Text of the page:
E7521 Sigma


Synonym: (S)-α-Carboxy-N,N,N-trimethyl-2-mercapto-1H-imidazole-4-ethanaminium inner salt, Thioneine



Related Categories Antioxidants and Cytoprotectants, Cell Biology, Cell Signaling and Neuroscience, Cell Stress, Nitric Oxide and Cell Stress More...
storage temp.   −20°C


Other Notes

Natural amino acid found in the fungus Claviceps purpurea


Bottomless glass bottle. Contents are inside inserted fused cone.


L-(+)-Ergothioneine has been used for the study of its reactivity with 2,2′- and 4,4′-dipyridyl disulphide (2-Py-S-S-2-Py and 4-Py-S-S-4-Py), for the incubation of experimental cells while performing in vitro kinase activity assays for ATM (Ataxia telangiectasia mutated) or ATR (ATM- and RAD3-related).

Biochem/physiol Actions

L-(+)-Ergothioneine (ET) has the maximum concentrations in tissues subjected to oxidative stress, with the highest being in blood, eye lens, bone marrow, semen and liver. It acts as an anti-oxidant and prevents apoptosis, by scavenging reactive oxygen and nitrogen species. The anti-oxidant activity is attributable to sulfhydryl groups. It acts as a substrate for SLC22A4 (solute carrier family 22, member 4) transporter. In alveolar macrophages, it prevents the release of interleukin-8 (IL-8) by tumor necrosis factor (TNF)α. IL-8 is an inflammatory cytokine. It also regulates the oxidative damage in liver and kidneys, and has a protective action against lipid peroxidation. It is also responsible for the conservation of endogenous glutathione and α-tocopherol. In UV-irradiated human dermal fibroblasts, it scavenges reactive oxygen species (ROS), and suppresses matrix metalloproteinases 1 (MMP1) expression. It might also have anti-ageing effects on skin caused by UV-radiation.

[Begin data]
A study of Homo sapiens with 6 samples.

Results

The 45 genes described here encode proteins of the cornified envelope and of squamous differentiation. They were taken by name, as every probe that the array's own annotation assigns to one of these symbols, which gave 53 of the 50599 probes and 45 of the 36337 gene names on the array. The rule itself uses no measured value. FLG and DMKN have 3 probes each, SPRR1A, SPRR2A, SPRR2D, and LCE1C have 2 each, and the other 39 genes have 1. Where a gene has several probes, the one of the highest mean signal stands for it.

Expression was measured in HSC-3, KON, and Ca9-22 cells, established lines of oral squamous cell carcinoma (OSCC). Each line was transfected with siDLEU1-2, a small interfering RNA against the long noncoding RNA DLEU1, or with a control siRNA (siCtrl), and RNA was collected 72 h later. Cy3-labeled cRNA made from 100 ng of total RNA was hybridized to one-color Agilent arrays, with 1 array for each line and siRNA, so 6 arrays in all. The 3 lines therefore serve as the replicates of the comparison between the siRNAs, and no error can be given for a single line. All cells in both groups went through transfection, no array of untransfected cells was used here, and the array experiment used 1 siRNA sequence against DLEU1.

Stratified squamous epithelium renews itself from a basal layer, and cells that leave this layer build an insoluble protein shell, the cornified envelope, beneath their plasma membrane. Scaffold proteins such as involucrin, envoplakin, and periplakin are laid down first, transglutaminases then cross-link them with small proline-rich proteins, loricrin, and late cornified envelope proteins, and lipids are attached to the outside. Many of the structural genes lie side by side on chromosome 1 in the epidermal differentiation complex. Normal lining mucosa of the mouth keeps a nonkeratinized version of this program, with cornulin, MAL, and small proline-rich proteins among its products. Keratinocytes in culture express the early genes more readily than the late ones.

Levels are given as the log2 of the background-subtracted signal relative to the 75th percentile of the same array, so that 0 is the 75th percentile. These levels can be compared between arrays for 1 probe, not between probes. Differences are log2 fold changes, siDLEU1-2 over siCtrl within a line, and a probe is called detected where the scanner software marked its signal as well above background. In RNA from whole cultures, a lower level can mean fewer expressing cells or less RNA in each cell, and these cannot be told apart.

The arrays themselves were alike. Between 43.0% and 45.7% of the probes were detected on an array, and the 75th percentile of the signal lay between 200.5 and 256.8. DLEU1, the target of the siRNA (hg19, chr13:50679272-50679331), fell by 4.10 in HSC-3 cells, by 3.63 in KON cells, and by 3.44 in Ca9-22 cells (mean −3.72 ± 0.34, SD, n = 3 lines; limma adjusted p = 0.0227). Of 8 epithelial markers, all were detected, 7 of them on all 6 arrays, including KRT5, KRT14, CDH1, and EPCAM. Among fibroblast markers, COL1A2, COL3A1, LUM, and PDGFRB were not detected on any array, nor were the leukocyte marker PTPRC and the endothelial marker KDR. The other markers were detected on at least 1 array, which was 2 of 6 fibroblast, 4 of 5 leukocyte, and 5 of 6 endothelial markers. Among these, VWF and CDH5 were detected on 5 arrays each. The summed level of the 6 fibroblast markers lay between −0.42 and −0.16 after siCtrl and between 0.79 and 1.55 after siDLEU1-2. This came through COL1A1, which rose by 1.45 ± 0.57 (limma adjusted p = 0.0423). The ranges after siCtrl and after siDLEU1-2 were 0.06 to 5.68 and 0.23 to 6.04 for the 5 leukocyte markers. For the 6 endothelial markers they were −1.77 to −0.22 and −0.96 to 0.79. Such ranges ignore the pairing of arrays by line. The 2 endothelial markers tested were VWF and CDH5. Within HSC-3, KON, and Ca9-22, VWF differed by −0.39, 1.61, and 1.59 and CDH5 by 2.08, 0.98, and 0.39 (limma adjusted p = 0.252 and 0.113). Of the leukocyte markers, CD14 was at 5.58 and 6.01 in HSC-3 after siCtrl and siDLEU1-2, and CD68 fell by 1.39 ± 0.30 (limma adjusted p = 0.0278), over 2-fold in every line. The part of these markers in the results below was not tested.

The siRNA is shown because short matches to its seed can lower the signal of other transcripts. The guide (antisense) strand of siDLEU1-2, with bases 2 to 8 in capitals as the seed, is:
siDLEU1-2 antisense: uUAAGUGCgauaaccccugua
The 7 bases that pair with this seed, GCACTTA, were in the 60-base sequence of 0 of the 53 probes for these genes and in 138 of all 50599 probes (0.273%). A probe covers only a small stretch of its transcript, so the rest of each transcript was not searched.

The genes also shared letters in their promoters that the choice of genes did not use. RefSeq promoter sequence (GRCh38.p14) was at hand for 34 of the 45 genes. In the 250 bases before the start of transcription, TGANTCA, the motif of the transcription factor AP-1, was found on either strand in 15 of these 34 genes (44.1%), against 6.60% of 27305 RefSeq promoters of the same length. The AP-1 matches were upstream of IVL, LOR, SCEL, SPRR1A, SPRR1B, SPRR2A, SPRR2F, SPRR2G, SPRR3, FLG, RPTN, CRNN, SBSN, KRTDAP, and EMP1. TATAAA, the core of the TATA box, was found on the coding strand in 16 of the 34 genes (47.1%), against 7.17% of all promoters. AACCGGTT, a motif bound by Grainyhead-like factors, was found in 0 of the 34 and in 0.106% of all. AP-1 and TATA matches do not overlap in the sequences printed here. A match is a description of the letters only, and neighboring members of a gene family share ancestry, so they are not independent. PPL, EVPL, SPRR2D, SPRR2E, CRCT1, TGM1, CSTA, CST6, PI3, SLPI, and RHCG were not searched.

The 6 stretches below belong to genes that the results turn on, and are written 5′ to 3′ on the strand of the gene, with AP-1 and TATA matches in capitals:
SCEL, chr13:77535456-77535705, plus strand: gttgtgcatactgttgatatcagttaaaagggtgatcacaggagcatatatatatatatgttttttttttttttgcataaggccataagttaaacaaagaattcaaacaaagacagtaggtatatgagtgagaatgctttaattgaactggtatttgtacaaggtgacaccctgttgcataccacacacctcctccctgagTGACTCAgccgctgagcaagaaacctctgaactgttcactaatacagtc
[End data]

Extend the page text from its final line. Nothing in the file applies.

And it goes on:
General description

L-(+)-Ergothioneine (ET) is a sulfur-containing amino acid, which is only produced by Actinomycetales bacteria and non-yeast like fungi belonging to the division Basidiomycota and Ascomycota. It was originally isolated from Claviceps purpurea or rye ergot. It is obtained from L-histidine, which is converted into betaine form called hercynine. It is found in both animals and plants, and mammals usually obtain it from their diet, e.g. through mushrooms or oats. It is tautomeric in nature, and in neutral aqueous solution exists in thione form.